Fourteen-year-old Leven Thumps (a.k.a. "Lev") is no ordinary boy, but that's exactly what Sabine and his dark shadows want him to believe. They know the fate of the world and the dreams of all mankind can be saved by one boy with a powerful gift, one he has yet to understand or control. Enter Clover, a funny foot-high sidekick; Winter, a girl who can freeze things; and Geth, the rightful heir to the dream world of Foo. Three transplants with only one mission: to retrieve Leven and save Foo.
Can this unique band of travelers help Lev overcome his doubt and convince him to do what only he can do? Will Leven find the Gateway in time? Will fate make the difference?
This is the first book of Leven Thumps and his extraordinary journey to a magical place that can no longer be hidden. Welcome to Foo.
New to Foo? Don't miss the second book in the Leven Thumps series, Leven Thumps and the Whispered Secret.
©2006 Obert Skye. All rights reserved; (P)2006 Shadow Mountain. All rights reserved.
"Excellent...palpable excitement and suspense. Kids and adults will enjoy this charming tale." (Publishers Weekly)
I am not a fan of the reader. he sounds too much like he's reading to very small children. I find it hard to listen to and teenagers would find it painfully condescending. It is a little less painful if you set playback at 1.25 speed. The story is good. Very creative when it comes to the working of dreams by people who slipped out of our world. The fantasy world also seems consistent enough to follow its own rules, which is important.
Despite the fact that the characters in this book are 14, the book was obviously written for the preteen or tween set. The book has a certain number of the "young audience" fantasy archetypes: the kid stuck in cruel circumstances, the wise mage to lead him on his quest, the evil enemy bent on controlling the world -- and thus, quite accidentally, destroying it. But the nature of Foo -- the land where all human dreams come from, makes this a little bit different.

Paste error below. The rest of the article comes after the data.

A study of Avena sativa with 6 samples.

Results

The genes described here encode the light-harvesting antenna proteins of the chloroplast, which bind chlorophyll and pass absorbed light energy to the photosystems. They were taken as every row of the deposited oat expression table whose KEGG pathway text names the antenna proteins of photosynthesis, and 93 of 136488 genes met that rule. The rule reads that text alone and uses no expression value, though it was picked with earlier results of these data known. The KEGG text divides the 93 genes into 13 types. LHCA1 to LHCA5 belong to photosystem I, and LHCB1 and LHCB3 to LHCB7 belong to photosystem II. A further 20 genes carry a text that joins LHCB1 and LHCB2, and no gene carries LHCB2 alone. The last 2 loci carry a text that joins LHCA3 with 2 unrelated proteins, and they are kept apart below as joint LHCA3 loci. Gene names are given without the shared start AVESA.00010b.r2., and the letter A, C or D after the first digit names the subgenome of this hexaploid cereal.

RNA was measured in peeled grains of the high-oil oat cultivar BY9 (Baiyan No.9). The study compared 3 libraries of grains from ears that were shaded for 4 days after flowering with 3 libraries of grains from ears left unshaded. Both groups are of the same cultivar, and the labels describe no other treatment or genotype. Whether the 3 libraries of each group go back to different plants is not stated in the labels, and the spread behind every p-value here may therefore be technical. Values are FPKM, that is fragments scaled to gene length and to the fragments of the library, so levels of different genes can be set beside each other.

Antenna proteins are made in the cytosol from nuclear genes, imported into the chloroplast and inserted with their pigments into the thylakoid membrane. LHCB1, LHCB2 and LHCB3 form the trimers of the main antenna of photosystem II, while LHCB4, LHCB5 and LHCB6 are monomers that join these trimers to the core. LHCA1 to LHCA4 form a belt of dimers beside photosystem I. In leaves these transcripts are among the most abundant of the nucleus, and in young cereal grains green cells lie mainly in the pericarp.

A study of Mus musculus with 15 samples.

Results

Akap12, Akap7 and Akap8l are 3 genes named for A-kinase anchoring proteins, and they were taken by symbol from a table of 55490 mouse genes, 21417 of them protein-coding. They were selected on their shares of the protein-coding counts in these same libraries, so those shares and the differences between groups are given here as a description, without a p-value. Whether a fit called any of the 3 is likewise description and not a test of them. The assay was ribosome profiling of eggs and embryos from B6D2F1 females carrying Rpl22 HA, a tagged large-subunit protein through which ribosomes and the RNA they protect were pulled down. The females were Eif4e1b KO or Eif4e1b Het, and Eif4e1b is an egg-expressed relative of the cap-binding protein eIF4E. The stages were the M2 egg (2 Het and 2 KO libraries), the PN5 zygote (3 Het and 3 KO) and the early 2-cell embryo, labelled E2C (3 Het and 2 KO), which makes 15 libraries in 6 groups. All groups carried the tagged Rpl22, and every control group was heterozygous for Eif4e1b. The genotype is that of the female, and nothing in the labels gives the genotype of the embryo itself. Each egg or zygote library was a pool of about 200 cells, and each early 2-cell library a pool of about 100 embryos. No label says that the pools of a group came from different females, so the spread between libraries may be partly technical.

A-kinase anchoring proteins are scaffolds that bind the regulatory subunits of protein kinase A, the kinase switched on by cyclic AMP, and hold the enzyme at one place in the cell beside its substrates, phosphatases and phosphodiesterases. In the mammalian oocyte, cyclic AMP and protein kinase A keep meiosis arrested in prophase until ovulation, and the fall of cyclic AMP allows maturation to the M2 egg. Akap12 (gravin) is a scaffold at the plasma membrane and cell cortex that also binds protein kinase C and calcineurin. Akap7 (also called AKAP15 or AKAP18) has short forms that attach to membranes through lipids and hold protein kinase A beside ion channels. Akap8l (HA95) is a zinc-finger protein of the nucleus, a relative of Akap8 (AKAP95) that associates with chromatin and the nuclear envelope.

I will not tell you it's great, because it is not! But younger audiences should appreciate and enjoy it.
The audiobook was great for our autistic daughter. She really got into the series and the narrator made that happen. I listened to this one, but read the print version of some others in the series. After having listened to this first, I read with E.B. Steven's voices in my head. :)
I had a really hard time with this book because of the poor quality of the story itself and the narrator. Someone else wrote "we had a hard time with the narrator because of his tone, it troubled us" and I think that's an understatement. Every time he said "wa-Ter" we would bust out laughing because his pressured pronunciations were so exaggerated and strange that it became difficult to even finish the book. The story itself is an archetyped, coming of age teen fantasy novel. The characters were one-dimensional and boring. To top it all off, there was a lengthy couple of chapters where the author seemed to glorify in the unimaginable pain experienced by the smallest character. I am glad kids weren't listening to this with me because I found it deeply disturbing. I would not recommend this book or audiobook to anyone, and I am usually an undiscerning lover of almost all books in the young adult fantasy genre.
Boy finds purpose
Geth because he never lets bad events get him down.
The narrator could have less vocal suspension. I was troubled by the tone. That being said, we all loved the voice of Clover - it seemed appropriate.
Good verses evil..in your dreams!
Young self made business man with plenty of time on the road to enjoy the world of audiobooks.
really enjoyed this book and requested book 3-5 cos it isn't available on this site can't wait.